Next warns price of clothes will climb by as much as 8%

NEXT, the UK's second-largest fashion retailer, yesterday warned that the price of clothes may have to rise by up to 8 per cent next year because of the soaring cost of cotton.

The warning came as the group released sales figures for its third quarter revealing a worsening performance in its high street shops. Like-for-like sales slid by 3.3 per cent, widening from a fall of 1.5 per cent during the first half.

But it said a strong showing at its online operation, Next Directory, and additional sales from new high street space "more than made up" for the retail disappointment.


Looking to next year, chief executive Simon Wolfson said: "We're planning very conservatively for 2011 but not for a disaster."

The fashion and homewares stalwart said price hikes early next year were likely to be at the top end of its previous 5 per cent to 8 per cent forecast after the cost of cotton continued to soar.

"The price of cotton seems to be moving very rapidly and somewhat irrationally and it's very difficult to make a call," said Wolfson, who has just returned from a visit to factories in Bangladesh and India.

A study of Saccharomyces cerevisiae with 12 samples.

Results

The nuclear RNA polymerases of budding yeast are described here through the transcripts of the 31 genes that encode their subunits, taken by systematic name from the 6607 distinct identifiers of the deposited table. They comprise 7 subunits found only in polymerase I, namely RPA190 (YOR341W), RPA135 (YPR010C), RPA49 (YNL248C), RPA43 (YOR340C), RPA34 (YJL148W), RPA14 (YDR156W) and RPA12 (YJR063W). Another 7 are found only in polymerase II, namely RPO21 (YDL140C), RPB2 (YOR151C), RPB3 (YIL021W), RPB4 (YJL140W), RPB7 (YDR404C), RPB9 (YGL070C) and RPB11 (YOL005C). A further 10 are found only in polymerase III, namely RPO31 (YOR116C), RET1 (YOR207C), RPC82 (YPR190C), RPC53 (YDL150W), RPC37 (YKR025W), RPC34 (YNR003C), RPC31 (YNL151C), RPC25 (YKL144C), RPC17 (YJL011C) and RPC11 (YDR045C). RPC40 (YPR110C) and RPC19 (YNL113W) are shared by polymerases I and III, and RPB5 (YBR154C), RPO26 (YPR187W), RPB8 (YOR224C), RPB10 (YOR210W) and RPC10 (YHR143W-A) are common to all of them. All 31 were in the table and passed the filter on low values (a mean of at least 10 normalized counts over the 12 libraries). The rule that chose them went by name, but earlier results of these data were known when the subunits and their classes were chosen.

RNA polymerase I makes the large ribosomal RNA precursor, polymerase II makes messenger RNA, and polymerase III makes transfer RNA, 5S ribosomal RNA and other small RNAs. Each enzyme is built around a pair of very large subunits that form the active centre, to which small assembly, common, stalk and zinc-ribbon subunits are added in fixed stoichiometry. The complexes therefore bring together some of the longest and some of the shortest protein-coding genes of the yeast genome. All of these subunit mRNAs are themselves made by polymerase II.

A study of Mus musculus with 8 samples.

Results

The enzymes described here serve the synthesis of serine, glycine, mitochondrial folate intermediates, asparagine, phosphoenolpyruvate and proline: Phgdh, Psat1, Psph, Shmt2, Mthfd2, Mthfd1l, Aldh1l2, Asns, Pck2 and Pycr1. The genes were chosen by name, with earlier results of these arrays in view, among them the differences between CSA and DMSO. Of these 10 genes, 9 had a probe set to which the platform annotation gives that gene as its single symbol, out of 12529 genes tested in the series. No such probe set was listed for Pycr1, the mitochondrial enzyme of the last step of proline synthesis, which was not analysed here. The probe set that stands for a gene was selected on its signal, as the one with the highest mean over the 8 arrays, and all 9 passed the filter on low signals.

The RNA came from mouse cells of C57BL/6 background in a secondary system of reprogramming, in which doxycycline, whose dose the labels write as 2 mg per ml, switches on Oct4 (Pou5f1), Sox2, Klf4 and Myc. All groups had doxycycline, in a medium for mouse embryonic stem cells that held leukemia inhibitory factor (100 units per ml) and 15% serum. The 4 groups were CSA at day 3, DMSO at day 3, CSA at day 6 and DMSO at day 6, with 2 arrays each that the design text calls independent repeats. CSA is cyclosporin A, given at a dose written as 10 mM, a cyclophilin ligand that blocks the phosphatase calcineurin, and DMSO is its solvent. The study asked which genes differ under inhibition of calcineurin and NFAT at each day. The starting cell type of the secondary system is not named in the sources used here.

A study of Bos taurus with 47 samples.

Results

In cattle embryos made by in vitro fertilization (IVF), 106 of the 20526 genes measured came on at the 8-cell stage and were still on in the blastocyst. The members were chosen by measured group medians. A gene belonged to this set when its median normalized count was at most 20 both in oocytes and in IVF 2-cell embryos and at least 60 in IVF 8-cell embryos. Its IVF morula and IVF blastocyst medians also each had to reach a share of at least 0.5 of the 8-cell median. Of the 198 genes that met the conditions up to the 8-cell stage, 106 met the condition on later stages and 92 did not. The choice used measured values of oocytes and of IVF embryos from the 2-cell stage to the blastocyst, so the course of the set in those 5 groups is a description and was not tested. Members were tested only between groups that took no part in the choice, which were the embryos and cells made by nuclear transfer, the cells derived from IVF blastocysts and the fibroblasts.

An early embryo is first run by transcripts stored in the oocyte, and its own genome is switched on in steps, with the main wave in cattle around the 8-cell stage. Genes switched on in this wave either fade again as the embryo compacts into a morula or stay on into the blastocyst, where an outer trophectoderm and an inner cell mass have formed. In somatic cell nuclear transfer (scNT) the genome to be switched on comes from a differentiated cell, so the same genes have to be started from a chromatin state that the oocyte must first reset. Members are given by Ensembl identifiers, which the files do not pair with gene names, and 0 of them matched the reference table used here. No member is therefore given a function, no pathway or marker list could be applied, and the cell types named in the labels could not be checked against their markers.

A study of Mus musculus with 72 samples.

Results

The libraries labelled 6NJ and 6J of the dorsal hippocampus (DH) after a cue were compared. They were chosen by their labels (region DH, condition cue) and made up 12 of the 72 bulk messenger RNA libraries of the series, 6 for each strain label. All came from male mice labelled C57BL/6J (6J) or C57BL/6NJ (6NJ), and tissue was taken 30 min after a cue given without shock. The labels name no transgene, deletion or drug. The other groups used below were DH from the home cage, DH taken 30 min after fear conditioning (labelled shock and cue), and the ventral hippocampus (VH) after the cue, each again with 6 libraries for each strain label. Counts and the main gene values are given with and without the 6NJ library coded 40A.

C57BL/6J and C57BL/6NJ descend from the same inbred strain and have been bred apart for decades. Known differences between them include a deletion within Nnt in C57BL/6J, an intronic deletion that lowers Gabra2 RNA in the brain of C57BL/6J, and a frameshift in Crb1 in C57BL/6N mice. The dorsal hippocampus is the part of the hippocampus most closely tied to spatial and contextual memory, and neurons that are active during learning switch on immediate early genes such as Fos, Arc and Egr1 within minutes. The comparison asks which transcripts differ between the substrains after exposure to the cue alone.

The firm added that there could be further price rises if the speculative bubble in cotton prices carries on.

Next, which is second only to Marks & Spencer for UK fashion sales according to industry data, first cautioned over prices in August when it said the cotton rally and impending VAT rise to 20 per cent was likely to lead to more expensive clothing for customers.

Fashion retailers have raised the alarm over prices in recent months, including budget clothing giant Primark. Cotton prices are running at record highs as global supplies have tightened after the devastating floods in Pakistan - one of the world's largest cotton growers - and wet weather in China, which is another major exporter.

Matthew McEachran, retail analyst at Singer Capital Markets, said the update showed the company was "performing reasonably well" but that "sales were not quite as good as hoped".


He said: "Sales comparatives get considerably tougher through the remainder of the year, a fact Next alluded to, with retail like-for-likes in the region of 4 per cent to 5 per cent through Christmas last year."

Shares in Next fell by 49p, or 2.2 per cent, to 2,180p.